The roses in my garden are having a banner year, despite our hard freezes last winter. This post is the first in a series I'm starting, to sing the praises of each rose growing in my garden. Hey, it's my blog's two-year anniversary, so I had to come up with something new to celebrate!
Additionally, I'm entering the very last photo in this post in this month's Picture This photo contest at Gardening Gone Wild. The judge this month is Rob Cardillo (who has what looks to be an amazing new book on Chanticleer coming out soon, in collaboration with Adrian Higgins), and the contest theme is Let’s talk about Light.
Botanical name: Rosa chinesis 'Mutabilis', Rosa x odorata 'Mutabilis'
Common names: Butterfly Rose, Tipo Ideale
Habit: Large shrub
Repeat bloomer? Yes
Forms hips? No
Size: 4-10 feet
Cold-hardiness? Zone 6-9
Antique rose? Yes, prior to 1894
Earth-Kind® rose? Yes
Pests: Spider mites and aphids (rare; blast them off with a strong water spray)
Diseases: Occasional mild black spot (prune off affected leaves, or spray the shrub with milk - yes, moo-cow milk! - after spring pruning and each subsequent season)
'Mutabilis' is distinguished by its size -- it can get as large as 8 feet tall and 10 feet wide -- its tolerance to drought, disease and pests, and its large, single-petaled blooms that darken as they age, resulting in flowers of various colors on a single shrub. From a distance, this gives the appearance of a bush covered in brightly colored butterflies.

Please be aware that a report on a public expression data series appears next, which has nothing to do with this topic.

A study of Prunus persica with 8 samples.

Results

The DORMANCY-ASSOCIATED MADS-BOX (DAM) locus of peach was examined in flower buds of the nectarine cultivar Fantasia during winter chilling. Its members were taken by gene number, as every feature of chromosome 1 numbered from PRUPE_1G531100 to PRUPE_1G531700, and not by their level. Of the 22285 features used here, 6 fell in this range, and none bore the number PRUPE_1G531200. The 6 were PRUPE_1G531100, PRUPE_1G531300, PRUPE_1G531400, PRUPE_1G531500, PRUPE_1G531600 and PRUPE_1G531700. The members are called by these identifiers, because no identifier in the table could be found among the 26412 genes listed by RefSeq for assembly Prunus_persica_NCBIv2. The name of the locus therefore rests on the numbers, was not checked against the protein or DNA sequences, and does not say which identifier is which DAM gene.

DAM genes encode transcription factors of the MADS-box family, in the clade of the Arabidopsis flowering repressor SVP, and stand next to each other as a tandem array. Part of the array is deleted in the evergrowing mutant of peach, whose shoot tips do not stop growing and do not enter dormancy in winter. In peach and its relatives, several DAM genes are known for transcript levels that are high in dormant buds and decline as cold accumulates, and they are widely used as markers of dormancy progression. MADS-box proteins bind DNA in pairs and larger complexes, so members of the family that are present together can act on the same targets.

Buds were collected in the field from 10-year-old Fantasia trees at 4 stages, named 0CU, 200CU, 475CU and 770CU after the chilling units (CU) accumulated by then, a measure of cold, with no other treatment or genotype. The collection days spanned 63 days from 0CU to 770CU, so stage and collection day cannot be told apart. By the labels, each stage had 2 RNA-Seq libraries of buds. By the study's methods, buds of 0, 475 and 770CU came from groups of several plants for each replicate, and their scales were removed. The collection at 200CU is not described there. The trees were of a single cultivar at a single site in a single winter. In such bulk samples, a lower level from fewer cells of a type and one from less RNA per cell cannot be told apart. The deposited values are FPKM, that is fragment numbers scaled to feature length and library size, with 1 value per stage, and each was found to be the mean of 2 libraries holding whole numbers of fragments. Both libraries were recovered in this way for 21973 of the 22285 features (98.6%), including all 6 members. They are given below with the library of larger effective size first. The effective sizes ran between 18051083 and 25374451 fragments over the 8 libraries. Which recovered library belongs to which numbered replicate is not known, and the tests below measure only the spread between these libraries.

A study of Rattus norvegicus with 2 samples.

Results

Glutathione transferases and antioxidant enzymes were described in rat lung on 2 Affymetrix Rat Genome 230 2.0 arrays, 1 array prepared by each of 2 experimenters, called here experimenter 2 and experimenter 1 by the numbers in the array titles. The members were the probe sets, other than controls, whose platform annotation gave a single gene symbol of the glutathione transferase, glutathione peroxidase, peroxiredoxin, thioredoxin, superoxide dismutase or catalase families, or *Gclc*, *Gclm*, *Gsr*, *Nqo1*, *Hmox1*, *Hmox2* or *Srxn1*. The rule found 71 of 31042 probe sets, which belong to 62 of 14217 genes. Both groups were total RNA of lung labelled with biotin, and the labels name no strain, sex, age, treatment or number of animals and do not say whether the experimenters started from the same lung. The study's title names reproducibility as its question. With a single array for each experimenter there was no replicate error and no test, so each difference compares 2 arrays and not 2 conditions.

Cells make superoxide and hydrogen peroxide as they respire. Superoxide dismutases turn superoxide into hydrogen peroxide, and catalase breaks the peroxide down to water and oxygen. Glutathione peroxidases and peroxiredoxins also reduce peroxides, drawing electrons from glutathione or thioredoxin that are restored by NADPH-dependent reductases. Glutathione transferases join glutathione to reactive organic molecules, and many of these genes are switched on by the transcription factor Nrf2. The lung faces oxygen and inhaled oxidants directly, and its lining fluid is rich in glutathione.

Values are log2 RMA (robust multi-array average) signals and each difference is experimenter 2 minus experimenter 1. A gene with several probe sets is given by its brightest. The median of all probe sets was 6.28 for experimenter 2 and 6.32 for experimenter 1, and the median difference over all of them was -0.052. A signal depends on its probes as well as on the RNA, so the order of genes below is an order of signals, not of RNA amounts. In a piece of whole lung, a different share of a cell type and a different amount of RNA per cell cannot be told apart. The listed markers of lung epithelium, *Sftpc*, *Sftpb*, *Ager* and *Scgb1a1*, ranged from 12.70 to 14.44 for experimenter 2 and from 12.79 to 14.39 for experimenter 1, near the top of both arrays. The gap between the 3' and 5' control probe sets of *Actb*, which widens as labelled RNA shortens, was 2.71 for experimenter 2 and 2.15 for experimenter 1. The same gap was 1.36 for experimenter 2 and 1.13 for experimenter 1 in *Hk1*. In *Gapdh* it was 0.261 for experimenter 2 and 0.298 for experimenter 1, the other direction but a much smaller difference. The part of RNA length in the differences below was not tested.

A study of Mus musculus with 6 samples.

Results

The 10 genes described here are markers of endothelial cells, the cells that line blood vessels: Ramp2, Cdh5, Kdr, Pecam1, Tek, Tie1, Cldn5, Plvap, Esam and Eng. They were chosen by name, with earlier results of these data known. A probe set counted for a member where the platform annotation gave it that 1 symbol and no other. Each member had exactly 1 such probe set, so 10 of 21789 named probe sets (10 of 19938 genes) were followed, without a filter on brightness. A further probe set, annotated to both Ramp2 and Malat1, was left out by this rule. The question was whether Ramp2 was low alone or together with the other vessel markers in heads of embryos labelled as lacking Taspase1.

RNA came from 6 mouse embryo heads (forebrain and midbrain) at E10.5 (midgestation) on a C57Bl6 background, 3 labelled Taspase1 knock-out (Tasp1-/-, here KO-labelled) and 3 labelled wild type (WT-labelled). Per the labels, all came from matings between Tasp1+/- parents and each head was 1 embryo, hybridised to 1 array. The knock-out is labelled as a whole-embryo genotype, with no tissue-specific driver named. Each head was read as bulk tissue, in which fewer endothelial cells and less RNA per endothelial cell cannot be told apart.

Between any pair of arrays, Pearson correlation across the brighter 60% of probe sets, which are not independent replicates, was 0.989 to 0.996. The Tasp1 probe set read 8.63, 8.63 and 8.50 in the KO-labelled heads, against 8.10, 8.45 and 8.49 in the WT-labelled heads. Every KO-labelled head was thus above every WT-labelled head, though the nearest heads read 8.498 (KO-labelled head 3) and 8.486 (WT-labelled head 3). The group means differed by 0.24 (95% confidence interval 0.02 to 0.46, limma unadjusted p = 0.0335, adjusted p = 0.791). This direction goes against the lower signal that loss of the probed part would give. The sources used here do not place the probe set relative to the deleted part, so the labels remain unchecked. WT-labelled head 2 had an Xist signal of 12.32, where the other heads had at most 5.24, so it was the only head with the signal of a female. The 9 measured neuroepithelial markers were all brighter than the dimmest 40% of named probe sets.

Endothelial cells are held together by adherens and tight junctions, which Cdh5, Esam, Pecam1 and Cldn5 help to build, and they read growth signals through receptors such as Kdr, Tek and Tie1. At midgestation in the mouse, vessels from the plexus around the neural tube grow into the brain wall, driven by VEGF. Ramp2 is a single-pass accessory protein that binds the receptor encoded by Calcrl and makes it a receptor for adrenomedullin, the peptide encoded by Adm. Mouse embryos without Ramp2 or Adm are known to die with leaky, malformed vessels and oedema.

'Mutabilis' is a rose that thrives on pruning, which is a good thing, because it's not a big fan of cold winters. During our 48 hours of below-freezing temps in early February, my specimen suffered significant freeze damage to the existing leaves, which were then hit by black spot. The rose looked to be on death's door. To rejuvenate this hardy rose, I pruned it back by a third two weeks after the freeze. (I do my rose pruning each year on the weekend just before or after Valentine's Day.)
In this photo, shot roughly a month later on March 19, it had fully leafed out, with virtually no frost damage to be found, and was covered in rose buds, with a few starting to open.
The color of new growth on 'Mutabilis' is a deep reddish bronze. As the leaves age, they turn a dark green, edged in red.
This year, 'Mutabilis' started to bloom in earnest on March 27,
with its spring flush peaking on April 1. As a repeat bloomer, 'Mutabilis' will bloom lightly throughout the summer, and flush again in the fall. Since it flowers on new growth, deadheading spent blossoms may stimulate greater flowering. Because of the vast numbers of deadheads, a light tip pruning of the entire shrub with a hedge trimmer simplifies this task.
The buds start out as a deep apricot color.
As they open, the blossoms change to a light yellowy-peach,
then to a soft, baby pink,
and finally, a vibrant crimson.
This year, I noticed a few blooms with different colors on the same blossom. This occurred after a period of several warm days in the upper 80s and low 90s, followed by a cold front with temperatures dipping into the 40s overnight.
In full bloom, 'Mutabilis' looks almost tropical. Can you imagine a lei made out of these flowers?
The blossoms look spectacular when the sunlight hits them.
Backlit, the blossoms can look magical.
'Mutabilis' is not a good rose for flower arranging, as each blossom only lasts a day or so on the shrub. But because 'Mutabilis' can get quite large and responds well to pruning, it makes an excellent hedge rose. It grows in nearly any type of soil and requires no fertilizer other than compost. My specimen is five or six years old, pruned annually into a rough, squarish-shaped hedge on the corner of a flower bed around a gazebo, and measures approximately 8 feet tall by 8 feet wide.
Words and photos © 2009-2011 Caroline Homer for "The Shovel-Ready Garden". Unauthorized reproduction is prohibited.